Considered to be an example of the acid western sub-genre, The Shooting gets off to a good start with its relatively simple premise. A woman asks two miners to escort her to an unknown destination, her elusive nature the catalyst for the series of events that transpire throughout this somewhat forgotten western. The Shooting relies heavily on what thrills and discomfort it can bring in its relatively short running time. Director Monte Hellman never relents in trying to bring us an experience that blends tropes of the typical western action flick with heavier story material, moments that both performer and audience can muse on as being more than a typical presentation of the genre.
With direction that holds within it some very grandiose scenes, it’s a shame that The Shooting is ultimately futile. Its barren wastelands and lack of visual checkpoints and markers make for a very interesting setting, one in which the group of characters feel small, timid, and ultimately lost in the large, empty plains. Some of the components found within the film’s final moments are a true visual marvel, but one that comes too little, too late. Relying on performance alone to fill the void our characters find themselves in is always a gamble, and in the case of The Shooting, it doesn’t quite pull that off.
Leading men Warren Oates and Will Hutchinson are solid enough, their performances do hold within them some quality, but it’s scattered throughout without any real care. They struggle to bring out the best in their performances, of two miners slowly growing cautious and afraid of their newfound companion. Scattered appreciation is the best I can muster for the cast, who do hold within them some real talent, yet not enough to pull together a script that feels rather minimal and oddly disconnected from the performances on hand. Not much happens, and the artistic nature of the film is nowhere close to entertaining or interesting enough to pool together more artistic or engaging moments.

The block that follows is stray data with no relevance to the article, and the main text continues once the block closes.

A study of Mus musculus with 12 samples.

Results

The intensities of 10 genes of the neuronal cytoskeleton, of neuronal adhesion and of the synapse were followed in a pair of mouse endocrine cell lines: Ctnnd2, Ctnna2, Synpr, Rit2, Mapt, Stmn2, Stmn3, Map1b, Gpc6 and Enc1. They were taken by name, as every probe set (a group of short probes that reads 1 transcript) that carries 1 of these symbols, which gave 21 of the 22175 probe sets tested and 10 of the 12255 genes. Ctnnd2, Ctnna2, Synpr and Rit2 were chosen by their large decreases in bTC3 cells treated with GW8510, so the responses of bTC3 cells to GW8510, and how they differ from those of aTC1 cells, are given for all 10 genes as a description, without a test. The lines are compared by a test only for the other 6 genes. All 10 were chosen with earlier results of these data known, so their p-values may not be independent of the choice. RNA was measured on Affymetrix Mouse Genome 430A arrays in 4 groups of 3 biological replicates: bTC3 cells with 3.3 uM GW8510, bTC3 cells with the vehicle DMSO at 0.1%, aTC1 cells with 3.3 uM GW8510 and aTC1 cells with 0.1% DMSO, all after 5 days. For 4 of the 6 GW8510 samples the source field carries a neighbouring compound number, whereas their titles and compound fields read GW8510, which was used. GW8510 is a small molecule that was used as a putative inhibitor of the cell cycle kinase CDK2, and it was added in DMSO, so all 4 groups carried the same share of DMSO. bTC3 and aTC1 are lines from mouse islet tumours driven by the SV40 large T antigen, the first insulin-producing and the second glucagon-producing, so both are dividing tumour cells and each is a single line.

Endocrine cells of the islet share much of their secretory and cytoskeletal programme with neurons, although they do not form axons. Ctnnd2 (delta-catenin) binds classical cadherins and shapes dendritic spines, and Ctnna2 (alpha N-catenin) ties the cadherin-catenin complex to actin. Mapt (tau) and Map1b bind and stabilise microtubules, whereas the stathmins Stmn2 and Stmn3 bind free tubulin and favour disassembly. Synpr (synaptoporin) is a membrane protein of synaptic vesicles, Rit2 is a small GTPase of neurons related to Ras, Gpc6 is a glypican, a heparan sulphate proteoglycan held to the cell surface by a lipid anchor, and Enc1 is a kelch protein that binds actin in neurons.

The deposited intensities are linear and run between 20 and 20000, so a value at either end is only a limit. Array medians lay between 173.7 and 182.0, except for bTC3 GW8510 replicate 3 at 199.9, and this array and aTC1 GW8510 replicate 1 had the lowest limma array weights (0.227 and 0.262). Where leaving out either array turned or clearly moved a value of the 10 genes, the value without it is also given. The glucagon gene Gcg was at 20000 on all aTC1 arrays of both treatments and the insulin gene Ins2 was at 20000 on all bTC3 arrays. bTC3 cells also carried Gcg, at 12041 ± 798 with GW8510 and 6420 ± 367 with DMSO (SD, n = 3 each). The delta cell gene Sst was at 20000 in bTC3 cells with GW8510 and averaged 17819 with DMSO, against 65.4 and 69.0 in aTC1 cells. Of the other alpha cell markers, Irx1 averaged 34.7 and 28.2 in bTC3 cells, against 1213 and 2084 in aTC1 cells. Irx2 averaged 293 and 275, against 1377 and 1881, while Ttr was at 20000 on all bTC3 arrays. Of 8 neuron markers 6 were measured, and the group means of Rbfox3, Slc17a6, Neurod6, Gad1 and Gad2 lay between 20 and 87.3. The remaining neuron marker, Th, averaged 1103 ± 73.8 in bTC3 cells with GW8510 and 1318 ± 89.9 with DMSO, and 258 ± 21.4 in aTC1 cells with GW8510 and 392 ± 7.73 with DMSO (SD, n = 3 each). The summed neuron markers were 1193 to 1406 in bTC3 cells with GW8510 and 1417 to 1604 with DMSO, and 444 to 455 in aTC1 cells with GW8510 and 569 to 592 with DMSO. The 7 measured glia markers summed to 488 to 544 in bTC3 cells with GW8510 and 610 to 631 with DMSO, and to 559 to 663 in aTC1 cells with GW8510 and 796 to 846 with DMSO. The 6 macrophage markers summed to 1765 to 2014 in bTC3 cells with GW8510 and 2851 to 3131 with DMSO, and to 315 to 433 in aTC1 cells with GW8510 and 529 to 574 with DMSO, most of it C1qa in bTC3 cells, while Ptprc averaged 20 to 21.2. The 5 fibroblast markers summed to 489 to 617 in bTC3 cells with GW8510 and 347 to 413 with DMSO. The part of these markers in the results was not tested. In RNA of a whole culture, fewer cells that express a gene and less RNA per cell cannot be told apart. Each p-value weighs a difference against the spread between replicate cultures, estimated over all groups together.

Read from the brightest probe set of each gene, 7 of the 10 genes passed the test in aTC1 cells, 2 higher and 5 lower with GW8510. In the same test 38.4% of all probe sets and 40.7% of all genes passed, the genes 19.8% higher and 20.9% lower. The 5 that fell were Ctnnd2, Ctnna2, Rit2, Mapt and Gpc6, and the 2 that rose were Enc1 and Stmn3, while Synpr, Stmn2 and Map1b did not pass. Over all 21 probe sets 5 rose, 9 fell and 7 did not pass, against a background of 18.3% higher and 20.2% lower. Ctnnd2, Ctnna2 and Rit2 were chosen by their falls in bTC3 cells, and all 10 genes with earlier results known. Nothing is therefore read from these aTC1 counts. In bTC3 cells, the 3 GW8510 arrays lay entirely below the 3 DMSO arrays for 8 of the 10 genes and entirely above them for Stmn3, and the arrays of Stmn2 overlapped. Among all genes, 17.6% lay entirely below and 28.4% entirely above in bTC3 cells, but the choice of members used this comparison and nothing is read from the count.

Reminding me of Easy Rider, and not just because both films include Jack Nicholson in a supporting capacity, The Shooting musters up the exact tropes and moments I both love and hate about acid-oriented films. That longing desire to be free can be found in pockets throughout The Shooting, but subverts them for more conventional western tropes. Instead, we get a somewhat inarticulate piece that never quite knows what it wants to do with its leading characters. We go off on an adventure with them, but the destination is neither in sight nor of any real relevance to the characters. Performances that are, for the most part, solid enough, but never close to the high expectations we should hold for westerns. It’s a film whose themes are at variance with one another, and it causes some clunky problems throughout.